Middle school students' beliefs about matter
Article first published online: 24 MAR 2005
Copyright © 2005 Wiley Periodicals, Inc.
Journal of Research in Science Teaching
Volume 42, Issue 5, pages 581–612, May 2005
How to Cite
Nakhleh, M. B., Samarapungavan, A. and Saglam, Y. (2005), Middle school students' beliefs about matter. J. Res. Sci. Teach., 42: 581–612. doi: 10.1002/tea.20065
- Issue published online: 29 MAR 2005
- Article first published online: 24 MAR 2005
- Manuscript Accepted: 23 SEP 2004
- Manuscript Received: 10 SEP 2003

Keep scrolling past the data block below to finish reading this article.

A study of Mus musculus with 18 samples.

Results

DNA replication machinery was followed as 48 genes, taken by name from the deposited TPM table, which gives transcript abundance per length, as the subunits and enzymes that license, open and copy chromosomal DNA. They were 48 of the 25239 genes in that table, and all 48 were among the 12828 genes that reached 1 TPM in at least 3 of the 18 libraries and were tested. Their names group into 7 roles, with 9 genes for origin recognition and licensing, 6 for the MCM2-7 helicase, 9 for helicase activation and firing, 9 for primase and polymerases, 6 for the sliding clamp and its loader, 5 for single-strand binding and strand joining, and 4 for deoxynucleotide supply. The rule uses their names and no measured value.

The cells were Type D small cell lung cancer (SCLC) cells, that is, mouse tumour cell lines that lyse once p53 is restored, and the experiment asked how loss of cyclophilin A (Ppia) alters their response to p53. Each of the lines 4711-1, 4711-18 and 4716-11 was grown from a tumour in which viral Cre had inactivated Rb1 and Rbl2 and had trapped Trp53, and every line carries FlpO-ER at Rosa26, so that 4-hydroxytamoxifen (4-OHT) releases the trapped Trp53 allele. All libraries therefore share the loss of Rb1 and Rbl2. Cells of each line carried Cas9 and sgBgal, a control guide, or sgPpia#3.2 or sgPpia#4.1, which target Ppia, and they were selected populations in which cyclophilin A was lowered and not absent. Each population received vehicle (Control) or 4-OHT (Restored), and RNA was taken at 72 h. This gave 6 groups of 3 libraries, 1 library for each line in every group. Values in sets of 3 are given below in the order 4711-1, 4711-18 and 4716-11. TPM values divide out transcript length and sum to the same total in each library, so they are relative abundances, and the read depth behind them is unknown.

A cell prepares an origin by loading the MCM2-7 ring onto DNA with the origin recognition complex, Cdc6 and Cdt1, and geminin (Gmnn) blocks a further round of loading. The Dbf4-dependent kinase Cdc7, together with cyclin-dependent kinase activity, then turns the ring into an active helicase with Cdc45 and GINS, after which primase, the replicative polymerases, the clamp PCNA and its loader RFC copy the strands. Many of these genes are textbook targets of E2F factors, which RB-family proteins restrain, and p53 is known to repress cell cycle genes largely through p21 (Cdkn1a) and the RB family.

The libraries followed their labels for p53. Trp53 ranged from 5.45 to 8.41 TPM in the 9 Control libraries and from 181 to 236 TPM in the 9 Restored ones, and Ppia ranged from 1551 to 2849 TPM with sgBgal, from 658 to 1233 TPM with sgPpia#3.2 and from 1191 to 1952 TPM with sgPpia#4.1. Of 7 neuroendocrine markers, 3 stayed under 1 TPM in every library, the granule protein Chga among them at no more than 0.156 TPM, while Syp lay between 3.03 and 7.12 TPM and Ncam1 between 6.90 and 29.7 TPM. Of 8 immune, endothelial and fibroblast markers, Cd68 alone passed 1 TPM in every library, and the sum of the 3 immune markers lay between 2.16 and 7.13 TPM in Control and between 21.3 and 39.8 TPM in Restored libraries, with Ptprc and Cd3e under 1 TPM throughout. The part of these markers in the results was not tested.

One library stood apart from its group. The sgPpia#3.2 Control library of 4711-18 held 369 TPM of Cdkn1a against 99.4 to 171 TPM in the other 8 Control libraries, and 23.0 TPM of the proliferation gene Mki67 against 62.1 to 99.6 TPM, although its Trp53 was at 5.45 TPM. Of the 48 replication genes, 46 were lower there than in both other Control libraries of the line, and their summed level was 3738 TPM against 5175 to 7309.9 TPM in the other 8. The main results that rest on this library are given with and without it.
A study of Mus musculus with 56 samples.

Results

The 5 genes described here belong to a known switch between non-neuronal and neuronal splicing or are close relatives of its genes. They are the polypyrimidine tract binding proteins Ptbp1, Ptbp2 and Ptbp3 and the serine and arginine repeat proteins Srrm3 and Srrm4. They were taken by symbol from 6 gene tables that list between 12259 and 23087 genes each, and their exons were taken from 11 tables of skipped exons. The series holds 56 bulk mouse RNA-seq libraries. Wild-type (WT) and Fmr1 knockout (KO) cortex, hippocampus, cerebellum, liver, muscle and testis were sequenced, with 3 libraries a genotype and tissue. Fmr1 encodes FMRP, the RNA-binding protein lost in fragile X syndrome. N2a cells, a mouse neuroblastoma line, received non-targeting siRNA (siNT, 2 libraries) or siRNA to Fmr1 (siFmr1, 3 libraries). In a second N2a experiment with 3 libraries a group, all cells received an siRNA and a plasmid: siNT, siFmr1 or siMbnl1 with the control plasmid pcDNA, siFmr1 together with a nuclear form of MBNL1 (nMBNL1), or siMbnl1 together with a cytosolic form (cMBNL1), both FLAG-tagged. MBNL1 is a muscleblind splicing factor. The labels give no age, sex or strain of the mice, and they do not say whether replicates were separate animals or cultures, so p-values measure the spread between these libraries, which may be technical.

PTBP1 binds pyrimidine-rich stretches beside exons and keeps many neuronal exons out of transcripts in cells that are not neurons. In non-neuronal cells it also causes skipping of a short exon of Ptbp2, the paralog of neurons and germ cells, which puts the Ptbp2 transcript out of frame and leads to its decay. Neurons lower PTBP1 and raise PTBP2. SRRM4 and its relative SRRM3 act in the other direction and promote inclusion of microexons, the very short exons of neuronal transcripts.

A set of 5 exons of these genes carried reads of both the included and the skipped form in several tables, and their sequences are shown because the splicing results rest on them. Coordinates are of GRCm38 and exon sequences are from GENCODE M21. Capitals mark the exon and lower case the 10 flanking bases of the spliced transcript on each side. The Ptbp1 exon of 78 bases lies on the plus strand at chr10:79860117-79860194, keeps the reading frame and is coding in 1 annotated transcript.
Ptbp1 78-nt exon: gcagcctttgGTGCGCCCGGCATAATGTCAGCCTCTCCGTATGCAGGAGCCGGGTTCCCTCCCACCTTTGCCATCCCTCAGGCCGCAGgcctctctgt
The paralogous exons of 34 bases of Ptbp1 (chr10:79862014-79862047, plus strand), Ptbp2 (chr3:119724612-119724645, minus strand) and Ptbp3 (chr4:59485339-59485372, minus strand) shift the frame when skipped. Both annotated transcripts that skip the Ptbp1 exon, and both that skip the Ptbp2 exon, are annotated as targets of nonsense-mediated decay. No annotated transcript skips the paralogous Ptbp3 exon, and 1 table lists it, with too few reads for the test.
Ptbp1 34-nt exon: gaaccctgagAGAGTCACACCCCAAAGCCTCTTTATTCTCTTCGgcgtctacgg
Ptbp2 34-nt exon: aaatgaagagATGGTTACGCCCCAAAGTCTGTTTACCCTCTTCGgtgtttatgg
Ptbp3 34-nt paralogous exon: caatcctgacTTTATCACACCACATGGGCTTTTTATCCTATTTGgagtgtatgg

The objective of this study was to examine middle school students' developing understanding of the nature of matter and to compare middle school students' ideas to those of elementary schools students, as was done by Nakhleh and Samarapungavan [J Res Sci Teach 36(7):777–805, 1999]. Nine middle school students were interviewed using a scripted, semistructured interview. The interview probed students' understanding of the composition and particulate (atomic/molecular) structure of a variety of material substances; the relationship between particulate structure and macroscopic properties such as fluidity and malleability; as well as understanding of processes such as phase transition and dissolving. The results indicate that most of the middle school students interviewed knew that matter was composed of atoms and molecules and some of them were able to use this knowledge to explain some processes such as phase transitions of water. In contrast, almost no elementary students knew that matter was composed of atoms and molecules. However, the middle school students were unable to consistently explain material properties or processes based on their knowledge of material composition. In contrast to elementary school students, who had scientifically inaccurate but relatively consistent (macrocontinuous or macroparticulate) knowledge frameworks, the middle school students could not be classified as having consistent knowledge frameworks because their ideas were very fragmented. The fragmentation of middle school students' ideas about matter probably reflects the difficulty of assimilating the microscopic level scientific knowledge acquired through formal instruction into students' initial macroscopic knowledge frameworks. © 2005 Wiley Periodicals, Inc.